Before I complete this series on setting up your sound booth, I should describe the ‘other’ important issues you will discover using your booth. Some of these you can expect, the others will sneak up on you and manifest themselves by surprise in your finished work.
I’m largely speaking about extraneous, unwanted sounds which creep into all our works. For instance, squeaks of the narrator’s or singer’s chair. You know, the comfortable, heavy and expensive one you installed, foreseeing years of constant use. Pay attention early or regret it later. It will squeak, or worse, clunk at critical times, producing sounds which are hard to erase. Tightening up may help but most important is to have your narrator recognize body changes which cause noise. And that also goes for static produced by some clothing. Soft cotton is best.
It took a long time, but I finally found the source of a small, audible voltage spike which was bedeviling me. Don’t put your cell phone on a charger inside the booth. Best to turn the little devil off completely.
You wouldn’t expect it, but I’ve found that stomach gurgling can easily be heard on the recording and is hard to eliminate (excuse the pun). I don’t have an answer for that problem. You are on your own.
Fixing distance from the mike and setting any volume controls prior to each recording session is a must. Even so, the time of day, your narrators state of energy and mind, and who knows…phases of the moon, have input. Some things you can’t fight. Another obvious and mood changing dynamic is an upper respiratory infection, however mild, which will morph your narrator or singer into another person.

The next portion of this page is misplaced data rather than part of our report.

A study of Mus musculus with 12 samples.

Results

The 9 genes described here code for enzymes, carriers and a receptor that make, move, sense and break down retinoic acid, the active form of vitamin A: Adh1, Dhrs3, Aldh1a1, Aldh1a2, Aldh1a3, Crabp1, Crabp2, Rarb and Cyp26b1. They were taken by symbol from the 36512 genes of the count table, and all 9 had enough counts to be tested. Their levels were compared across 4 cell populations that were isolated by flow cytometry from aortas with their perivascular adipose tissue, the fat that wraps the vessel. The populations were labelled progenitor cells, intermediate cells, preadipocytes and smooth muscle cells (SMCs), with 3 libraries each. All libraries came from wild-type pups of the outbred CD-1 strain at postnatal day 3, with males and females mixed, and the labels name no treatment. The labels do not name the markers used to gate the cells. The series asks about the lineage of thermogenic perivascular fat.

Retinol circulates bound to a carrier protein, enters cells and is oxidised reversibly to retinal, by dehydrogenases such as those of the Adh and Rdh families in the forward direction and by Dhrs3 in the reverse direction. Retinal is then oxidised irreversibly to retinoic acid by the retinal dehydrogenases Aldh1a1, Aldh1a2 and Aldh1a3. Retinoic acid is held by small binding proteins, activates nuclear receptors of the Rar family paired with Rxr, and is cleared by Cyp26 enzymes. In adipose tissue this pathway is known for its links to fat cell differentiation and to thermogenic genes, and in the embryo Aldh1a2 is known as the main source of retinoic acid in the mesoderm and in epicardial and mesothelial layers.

Be careful to avoid any page turning. We use an iPad which is noiseless and handy and can be prepped with emphasis, if needed.
However good your booth is, outside noise is hard to eliminate. One of my own problems has come from remote fan noise from an air conditioner or furnace. It was startling the first time I was able to compare two tracks, one with the noise and one without. Yes, I was able to nearly eliminate this low frequency noise with the DAW software, but my opinion is that something in her voice is lost in the process.
In our set up, Janel uses the mouse to start and stop her recordings. Needless to say, I usually have to edit out the soft mouse clicks later. I could probably ignore them but I am cursed with a perfectionist nature. I may switch over to a input pad for her, which should be noiseless.
The point of all the above is that you should listen carefully and intently to your recordings for errors such as the ones I mentioned so that your sessions will continue to improve. After all, we should strive for perfection even if it is impossible to achieve.